In a trial that never became the referendum on abortion that some abortion foes wanted, Scott Roeder, a 51-year-old airport shuttle driver, was convicted today of murdering George Tiller, one the nation's few physicians who performed late-term abortions.
The jury of seven men and five women deliberated for only 37 minutes. Roeder faces life in prison after being convicted of first-degree murder.
Roeder also was convicted on two counts of aggravated assault for threatening to shoot church ushers Keith Martin and Gary Hoepner as he fled Reformation Lutheran Church after murdering Tiller.
Whether Roeder shot Tiller at point-blank range in the forehead at Tiller's church in Wichita last May was never at issue; Roeder had admitted it to reporters, in court filings and finally to a jury on Thursday. He also said he had been stalking Tiller since at least 1999.
"I have never seen a state's case and a defense case that so neatly dovetail," said prosecutor Anne Swegle, noting that Roeder admitted systematically stalking Tiller before calmly approaching him in church, pressing a gun to his forehead and firing a .22-caliber slug into his brain. "He was totally remorseless in delivering to you his version of events," Swegle told the jury.
Roeder, the only witness called by the defense, said he felt relief after shooting Tiller on May 31. After the murder, he drove toward Kansas City, stopping for a pizza along the way.
Roeder had wanted to claim the crime was justifiable homicide, based on his belief that abortion -- in every case -- is murder. But Sedgwick County Judge Warren Wilbert said he could not claim he acted out of necessity. Abortion rights groups became alarmed when Roeder's attorneys asked the judge to allow the jury to consider convicting Roeder of voluntary manslaughter. At the end of testimony Thursday, Wilbert ruled that the jury could only consider premeditated, first-degree murder.
Roeder is also the subject of a Justice Department investigation, and he could face federal charges in connection with the murder.
The conviction brings a kind of closure to the city of Wichita, which became a center of the anti-abortion movement in the late 1980s and 1990s.
After a religious conversion in 1992, Roeder became active in a network of abortion foes, some of whom have been convicted of violent acts against abortion providers.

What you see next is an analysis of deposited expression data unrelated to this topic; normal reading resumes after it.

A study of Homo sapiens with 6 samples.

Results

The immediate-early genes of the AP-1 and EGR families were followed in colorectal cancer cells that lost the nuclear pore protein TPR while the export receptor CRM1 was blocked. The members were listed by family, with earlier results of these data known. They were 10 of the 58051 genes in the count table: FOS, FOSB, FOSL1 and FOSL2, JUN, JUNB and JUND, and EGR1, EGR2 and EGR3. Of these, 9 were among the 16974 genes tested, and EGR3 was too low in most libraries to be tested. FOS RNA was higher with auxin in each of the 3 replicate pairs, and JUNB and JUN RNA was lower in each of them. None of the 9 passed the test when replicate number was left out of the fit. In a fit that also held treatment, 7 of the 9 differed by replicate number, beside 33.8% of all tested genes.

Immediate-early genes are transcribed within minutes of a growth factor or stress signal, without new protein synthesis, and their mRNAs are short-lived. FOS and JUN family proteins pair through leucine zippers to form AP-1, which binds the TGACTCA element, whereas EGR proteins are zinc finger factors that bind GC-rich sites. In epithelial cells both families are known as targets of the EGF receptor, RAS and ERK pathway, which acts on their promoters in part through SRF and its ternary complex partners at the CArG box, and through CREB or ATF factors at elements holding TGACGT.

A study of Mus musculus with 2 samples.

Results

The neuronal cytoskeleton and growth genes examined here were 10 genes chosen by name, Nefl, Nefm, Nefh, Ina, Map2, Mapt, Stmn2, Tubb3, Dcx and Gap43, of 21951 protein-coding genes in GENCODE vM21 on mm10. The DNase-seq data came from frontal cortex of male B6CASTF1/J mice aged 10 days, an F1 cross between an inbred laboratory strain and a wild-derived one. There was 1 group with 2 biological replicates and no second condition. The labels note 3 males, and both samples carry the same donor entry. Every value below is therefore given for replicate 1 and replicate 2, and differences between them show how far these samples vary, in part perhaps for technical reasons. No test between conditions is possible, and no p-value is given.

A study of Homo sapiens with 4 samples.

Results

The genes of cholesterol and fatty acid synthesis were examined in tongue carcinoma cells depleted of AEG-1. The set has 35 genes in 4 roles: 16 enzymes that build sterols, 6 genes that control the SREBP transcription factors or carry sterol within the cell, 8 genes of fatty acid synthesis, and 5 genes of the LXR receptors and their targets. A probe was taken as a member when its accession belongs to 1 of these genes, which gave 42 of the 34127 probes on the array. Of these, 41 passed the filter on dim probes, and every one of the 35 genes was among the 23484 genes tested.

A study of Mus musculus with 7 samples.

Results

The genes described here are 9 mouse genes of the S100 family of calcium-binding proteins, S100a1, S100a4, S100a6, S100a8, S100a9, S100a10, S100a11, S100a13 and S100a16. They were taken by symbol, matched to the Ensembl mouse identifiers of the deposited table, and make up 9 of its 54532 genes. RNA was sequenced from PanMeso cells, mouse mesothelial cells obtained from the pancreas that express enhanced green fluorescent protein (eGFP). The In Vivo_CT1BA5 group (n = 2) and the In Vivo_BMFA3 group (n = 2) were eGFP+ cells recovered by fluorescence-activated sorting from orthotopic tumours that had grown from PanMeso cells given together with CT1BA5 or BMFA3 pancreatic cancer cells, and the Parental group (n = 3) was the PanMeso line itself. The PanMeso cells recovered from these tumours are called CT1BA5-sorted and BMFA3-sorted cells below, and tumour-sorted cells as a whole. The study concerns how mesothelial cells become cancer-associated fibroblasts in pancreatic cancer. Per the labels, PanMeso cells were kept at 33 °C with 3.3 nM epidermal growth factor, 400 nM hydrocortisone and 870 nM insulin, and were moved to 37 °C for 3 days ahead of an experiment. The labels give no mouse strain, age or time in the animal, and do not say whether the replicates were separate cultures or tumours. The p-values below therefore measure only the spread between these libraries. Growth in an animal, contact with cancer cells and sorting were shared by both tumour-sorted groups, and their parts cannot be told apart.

Tiller, 67, who was beloved by his patients, was a victim numerous times.
In 1986, his clinic, Women's Health Care Services, was firebombed.
In 1991, the clinic became a focus of protest in the so-called "Summer of Mercy." Thousands of anti-abortion demonstrators were arrested as they tried to blockade his clinic.
In 1993, anti-abortion activist Rachelle Shannon shot Tiller in both arms as he left the clinic. He was back at work the next day.
Roeder testified Thursday that he befriended Shannon, who is in prison in Kansas.
"I admired her," Roeder said.
In 2002, the head of Operation Rescue, a group dedicated to ending abortion using confrontational tactics, moved to Wichita. Its president, Troy Newman, said his goal was to put Tiller out of business.
Many of Tiller's patients were women who discovered late in pregnancy that their fetuses were severely compromised by genetic anomalies. But he also terminated the pregnancies of women who might suffer psychological harm if their pregnancies went to term. Under Kansas law, such abortions were legal as long as two doctors, independent of one another, signed off on the procedures.
After Tiller was murdered, his wife announced his clinic would close for good.
Advocates on both sides of the abortion divide found themselves squeezed together on the hard courtroom benches during the trial, which began last Friday with the prosecution's opening statements. Officials from the National Abortion Federation and the Feminist Majority Foundation sat with anti-abortion extremists, some of whom have spent substantial time in prison for violence against abortion clinics.